Chances are, this means Harden will likely be staying with the Sixers, who don't have the cap space to replace him and obviously offer the competitive and situational elements Harden desires. 

If the Sixers were to lose Harden for nothing, they would have to consider breaking up more of the roster, perhaps by trying to get off Tobias Harris' contract. Perhaps a Joel Embiid trade would then become an option. That's a road Daryl Morey -- who said on Wednesday that the Sixers have not yet had talks with Harden about a long-term deal but that the team would be interested in bringing him back -- is almost certainly not ready to go down. 

Harden played well this season. He had an All-NBA case as the league's assist leader, averaging 21 points on nearly 39 percent 3-point shooting. He had some huge playoff games. He also had some duds, including Philly's Game 7 loss to Boston in which Harden finished 3 for 11, including 1 for 5 from deep for nine points.

When the Sixers needed Harden most, he pulled something of a Ben Simmons disappearing act. Over the final three fourth quarters of the series (Games 5, 6 and 7), Harden didn't score a single point in 32 minutes of action. Not one point. 

Botton line, Harden isn't anything close to the MVP he once was. He doesn't have the same ability to get by his initial defender and into the lane at will, which limits his leverage to draw fouls, which we know was always his most dangerous asset. He has basically no vertical pop as a finisher; at times in the playoffs he wasn't even looking at the rim when he got deep penetration.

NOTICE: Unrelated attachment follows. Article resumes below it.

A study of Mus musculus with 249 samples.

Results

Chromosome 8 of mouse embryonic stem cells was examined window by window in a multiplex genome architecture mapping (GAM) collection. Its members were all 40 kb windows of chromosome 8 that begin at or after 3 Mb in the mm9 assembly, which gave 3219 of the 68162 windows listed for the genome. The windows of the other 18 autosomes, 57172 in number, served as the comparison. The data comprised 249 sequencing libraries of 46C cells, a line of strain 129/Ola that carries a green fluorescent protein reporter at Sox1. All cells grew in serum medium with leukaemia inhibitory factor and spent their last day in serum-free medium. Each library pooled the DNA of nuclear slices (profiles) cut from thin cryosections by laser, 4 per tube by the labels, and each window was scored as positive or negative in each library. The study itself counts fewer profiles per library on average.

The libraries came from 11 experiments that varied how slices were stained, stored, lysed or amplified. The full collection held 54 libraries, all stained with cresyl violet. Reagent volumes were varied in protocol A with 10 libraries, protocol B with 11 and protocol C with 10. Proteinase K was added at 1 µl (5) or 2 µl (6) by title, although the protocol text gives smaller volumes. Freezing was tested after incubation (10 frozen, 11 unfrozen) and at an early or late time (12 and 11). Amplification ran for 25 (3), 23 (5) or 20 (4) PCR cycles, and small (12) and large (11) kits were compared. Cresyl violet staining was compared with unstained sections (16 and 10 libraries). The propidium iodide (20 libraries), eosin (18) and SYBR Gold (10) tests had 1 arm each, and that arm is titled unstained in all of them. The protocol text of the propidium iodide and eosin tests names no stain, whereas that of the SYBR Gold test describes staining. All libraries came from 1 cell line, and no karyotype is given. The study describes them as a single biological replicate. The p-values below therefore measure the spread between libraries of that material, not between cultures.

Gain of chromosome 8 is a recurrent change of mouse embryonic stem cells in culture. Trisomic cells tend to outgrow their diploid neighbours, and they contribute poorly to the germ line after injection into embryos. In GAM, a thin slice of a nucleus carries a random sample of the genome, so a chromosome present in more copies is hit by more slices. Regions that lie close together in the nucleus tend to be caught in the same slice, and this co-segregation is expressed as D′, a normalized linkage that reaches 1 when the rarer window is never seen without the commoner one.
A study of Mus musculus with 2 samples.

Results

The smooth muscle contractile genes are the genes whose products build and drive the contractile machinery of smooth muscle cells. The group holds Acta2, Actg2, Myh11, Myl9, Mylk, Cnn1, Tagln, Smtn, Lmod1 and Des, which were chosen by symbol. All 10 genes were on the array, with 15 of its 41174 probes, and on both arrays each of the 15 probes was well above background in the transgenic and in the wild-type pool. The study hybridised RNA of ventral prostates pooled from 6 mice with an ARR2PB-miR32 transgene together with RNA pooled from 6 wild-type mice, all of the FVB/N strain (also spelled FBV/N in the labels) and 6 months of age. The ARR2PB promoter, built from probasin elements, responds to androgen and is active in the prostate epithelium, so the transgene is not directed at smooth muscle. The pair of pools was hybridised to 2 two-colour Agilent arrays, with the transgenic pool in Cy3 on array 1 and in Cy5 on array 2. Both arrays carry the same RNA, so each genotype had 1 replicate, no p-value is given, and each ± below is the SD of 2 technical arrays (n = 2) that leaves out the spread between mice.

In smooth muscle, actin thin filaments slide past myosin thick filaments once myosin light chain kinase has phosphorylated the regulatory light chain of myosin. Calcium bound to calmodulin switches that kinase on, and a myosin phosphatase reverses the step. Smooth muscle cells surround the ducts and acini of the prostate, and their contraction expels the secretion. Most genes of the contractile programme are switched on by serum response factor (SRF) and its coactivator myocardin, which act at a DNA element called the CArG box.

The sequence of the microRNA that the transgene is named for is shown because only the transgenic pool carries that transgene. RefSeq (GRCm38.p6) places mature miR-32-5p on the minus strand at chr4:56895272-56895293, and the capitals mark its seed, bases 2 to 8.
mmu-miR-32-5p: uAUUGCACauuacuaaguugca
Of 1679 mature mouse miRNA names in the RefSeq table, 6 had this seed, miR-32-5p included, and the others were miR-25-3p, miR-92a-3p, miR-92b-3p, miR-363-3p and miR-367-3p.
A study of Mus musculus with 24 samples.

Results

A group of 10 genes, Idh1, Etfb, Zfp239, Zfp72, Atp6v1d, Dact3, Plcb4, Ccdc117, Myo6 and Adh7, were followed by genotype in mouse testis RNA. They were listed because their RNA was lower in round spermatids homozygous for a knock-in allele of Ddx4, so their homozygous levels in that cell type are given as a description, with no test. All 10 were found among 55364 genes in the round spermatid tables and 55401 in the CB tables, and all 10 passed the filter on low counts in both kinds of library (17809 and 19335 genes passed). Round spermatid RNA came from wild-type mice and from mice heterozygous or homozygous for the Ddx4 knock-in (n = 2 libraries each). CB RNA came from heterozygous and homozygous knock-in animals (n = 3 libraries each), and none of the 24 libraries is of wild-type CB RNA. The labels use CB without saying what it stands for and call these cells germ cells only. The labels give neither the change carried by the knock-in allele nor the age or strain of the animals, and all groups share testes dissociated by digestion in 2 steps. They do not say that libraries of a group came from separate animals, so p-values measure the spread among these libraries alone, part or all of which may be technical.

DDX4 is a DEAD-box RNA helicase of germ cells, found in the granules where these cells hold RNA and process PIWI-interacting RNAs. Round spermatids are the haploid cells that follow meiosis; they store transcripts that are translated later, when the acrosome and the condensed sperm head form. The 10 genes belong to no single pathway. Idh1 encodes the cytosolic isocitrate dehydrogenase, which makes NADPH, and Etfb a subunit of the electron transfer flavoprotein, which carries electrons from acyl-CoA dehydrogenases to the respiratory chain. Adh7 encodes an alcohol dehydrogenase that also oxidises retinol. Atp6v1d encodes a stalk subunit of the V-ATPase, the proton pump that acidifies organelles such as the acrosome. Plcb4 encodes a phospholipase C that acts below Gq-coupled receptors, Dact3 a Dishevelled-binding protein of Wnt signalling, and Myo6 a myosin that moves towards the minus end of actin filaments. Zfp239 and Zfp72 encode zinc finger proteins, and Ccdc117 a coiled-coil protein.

Harden has never been a big-time shooter from a percentage standpoint; even in his prime he played the volume card. Yeah, his 3-point stats looked good this season, but again, he is just not a guy you want to depend on to actually make shots when it counts the most. His defense is obviously detrimental. 

And so, the Sixers have to decide how much money they can stomach committing to Harden over three or four years. He'll be 34 years old this summer. His decline has already started, and it could get steep toward the backend of a new deal. 

Again, the Sixers don't have a lot of options here. Morey always wanted to get back on the Harden bus, and it's not going to be easy to get off. It sounds like the Sixers are going to have to pay what will probably be a very steep fare and just hope the bus doesn't break down entirely.